Dossier of Discovery: The Artist Who Made It Big.

article by Karen Jameyson , photo by Alamy

Learning intention:

I can understand the purpose of evaluative language so that I can more effectively express my opinions and assessments of things.


Success criteria:

  • I can recognise evaluative language in a text
  • I can work collaboratively to piece together an idea in a comprehensive manner
  • I can use a variety of methods to present the idea with the intention of persuading the audience.


Essential knowledge:

To assist students in understanding what evaluative language is and how we use it, information can be found in the evaluative language definition in the Australian Curriculum glossary.


After reading the article, ask students to identify any evaluative language that the author has used in relation to Claes Oldenburg’s art works. Answers may include:

  • …quirky, unusual and frequently gigantic art sculptures
  • …startling versions of familiar, everyday objects out of unexpected materials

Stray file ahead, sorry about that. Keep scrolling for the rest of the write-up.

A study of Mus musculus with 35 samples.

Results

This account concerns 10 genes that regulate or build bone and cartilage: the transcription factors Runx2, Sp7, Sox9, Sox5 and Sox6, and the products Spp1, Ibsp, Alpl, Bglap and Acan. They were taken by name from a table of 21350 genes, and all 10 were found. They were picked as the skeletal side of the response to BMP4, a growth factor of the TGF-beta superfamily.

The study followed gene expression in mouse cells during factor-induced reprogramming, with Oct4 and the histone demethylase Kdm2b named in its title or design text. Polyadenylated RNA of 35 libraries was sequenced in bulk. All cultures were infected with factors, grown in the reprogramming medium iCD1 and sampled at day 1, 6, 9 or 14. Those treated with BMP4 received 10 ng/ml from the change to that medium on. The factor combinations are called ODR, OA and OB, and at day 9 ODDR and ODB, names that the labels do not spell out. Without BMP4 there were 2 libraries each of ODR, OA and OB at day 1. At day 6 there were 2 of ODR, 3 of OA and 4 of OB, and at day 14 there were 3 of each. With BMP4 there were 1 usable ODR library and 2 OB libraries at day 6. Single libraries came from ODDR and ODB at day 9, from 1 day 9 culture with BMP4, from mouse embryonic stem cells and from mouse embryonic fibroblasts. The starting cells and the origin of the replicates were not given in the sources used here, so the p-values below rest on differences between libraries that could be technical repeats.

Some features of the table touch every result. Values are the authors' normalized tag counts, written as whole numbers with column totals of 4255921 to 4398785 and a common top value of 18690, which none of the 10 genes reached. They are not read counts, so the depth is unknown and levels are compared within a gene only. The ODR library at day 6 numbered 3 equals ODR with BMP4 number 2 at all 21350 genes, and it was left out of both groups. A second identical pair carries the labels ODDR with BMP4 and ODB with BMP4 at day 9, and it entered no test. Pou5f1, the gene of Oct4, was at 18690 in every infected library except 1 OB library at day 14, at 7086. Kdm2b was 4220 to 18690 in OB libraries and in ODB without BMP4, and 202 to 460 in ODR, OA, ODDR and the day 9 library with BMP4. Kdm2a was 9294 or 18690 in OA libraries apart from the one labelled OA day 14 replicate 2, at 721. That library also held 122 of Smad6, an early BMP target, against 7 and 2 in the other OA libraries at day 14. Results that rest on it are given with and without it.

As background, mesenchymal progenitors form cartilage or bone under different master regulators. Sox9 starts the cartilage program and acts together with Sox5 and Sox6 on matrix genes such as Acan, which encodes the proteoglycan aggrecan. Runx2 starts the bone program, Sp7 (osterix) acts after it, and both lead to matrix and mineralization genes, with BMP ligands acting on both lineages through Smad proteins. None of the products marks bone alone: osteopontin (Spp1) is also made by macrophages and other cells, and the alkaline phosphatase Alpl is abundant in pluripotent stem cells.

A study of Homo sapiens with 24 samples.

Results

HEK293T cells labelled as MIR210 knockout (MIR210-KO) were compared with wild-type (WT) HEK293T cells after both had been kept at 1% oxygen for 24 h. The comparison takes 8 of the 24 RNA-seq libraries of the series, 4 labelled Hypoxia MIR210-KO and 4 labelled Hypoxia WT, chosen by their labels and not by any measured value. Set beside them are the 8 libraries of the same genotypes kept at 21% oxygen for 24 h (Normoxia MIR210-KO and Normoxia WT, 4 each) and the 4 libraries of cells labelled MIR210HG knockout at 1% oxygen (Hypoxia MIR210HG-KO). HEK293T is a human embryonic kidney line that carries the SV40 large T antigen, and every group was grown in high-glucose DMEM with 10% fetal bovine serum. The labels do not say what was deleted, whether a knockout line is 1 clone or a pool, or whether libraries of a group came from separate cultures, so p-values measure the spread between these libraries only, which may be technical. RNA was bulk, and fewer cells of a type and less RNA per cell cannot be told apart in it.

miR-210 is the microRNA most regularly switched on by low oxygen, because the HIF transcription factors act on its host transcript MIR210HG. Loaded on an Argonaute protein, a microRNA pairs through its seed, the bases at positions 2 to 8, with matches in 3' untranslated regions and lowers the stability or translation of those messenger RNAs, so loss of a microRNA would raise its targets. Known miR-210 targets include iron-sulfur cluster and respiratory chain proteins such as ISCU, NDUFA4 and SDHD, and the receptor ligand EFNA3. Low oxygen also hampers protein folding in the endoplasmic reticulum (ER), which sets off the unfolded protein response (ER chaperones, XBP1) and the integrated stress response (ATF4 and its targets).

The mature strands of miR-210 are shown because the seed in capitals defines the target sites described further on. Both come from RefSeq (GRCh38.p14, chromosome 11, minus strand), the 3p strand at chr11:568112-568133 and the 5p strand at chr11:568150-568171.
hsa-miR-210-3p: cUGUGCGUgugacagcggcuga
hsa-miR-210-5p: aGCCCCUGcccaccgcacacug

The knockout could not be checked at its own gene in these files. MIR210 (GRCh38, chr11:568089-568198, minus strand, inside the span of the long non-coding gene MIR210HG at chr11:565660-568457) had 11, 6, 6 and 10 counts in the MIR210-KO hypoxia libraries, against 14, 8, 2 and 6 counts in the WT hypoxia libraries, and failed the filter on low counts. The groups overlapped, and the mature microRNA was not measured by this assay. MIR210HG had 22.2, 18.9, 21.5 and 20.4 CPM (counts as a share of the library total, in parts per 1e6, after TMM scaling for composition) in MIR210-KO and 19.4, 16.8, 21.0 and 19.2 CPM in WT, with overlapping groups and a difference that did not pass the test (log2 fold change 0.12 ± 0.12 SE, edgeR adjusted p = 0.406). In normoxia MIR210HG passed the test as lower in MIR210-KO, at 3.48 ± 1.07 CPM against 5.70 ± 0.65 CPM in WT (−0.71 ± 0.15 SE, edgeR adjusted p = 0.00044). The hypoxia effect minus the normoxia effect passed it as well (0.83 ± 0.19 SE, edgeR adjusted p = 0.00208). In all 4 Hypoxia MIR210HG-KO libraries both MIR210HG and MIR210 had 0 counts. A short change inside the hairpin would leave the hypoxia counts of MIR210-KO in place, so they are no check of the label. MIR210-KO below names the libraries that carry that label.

• …Oldenburg’s efforts really stand out
  • …they are inclined to feel pretty small in comparison
  • Although the artist’s creations are often a form of social commentary, they are funny as well.

View the article Claes Oldenburg’s Most Incredible Sculptures in Pictures and ask students to use evaluative language to discuss the pictures with a partner.

Students should then create their own drawing of a scene that incorporates a sculpture based on the style of Claes Oldenburg. Remind students that this means it should be colourful, bright and much larger than its surroundings. Ideas may include:

  • A giant pencil on the school playground
  • Paint dripping from a giant paintbrush in the middle of the city
  • A giant hot dog suspended from the ceiling of the local shopping centre

Students should then hold a gallery walk to analyse each other’s art works and discuss using evaluative language.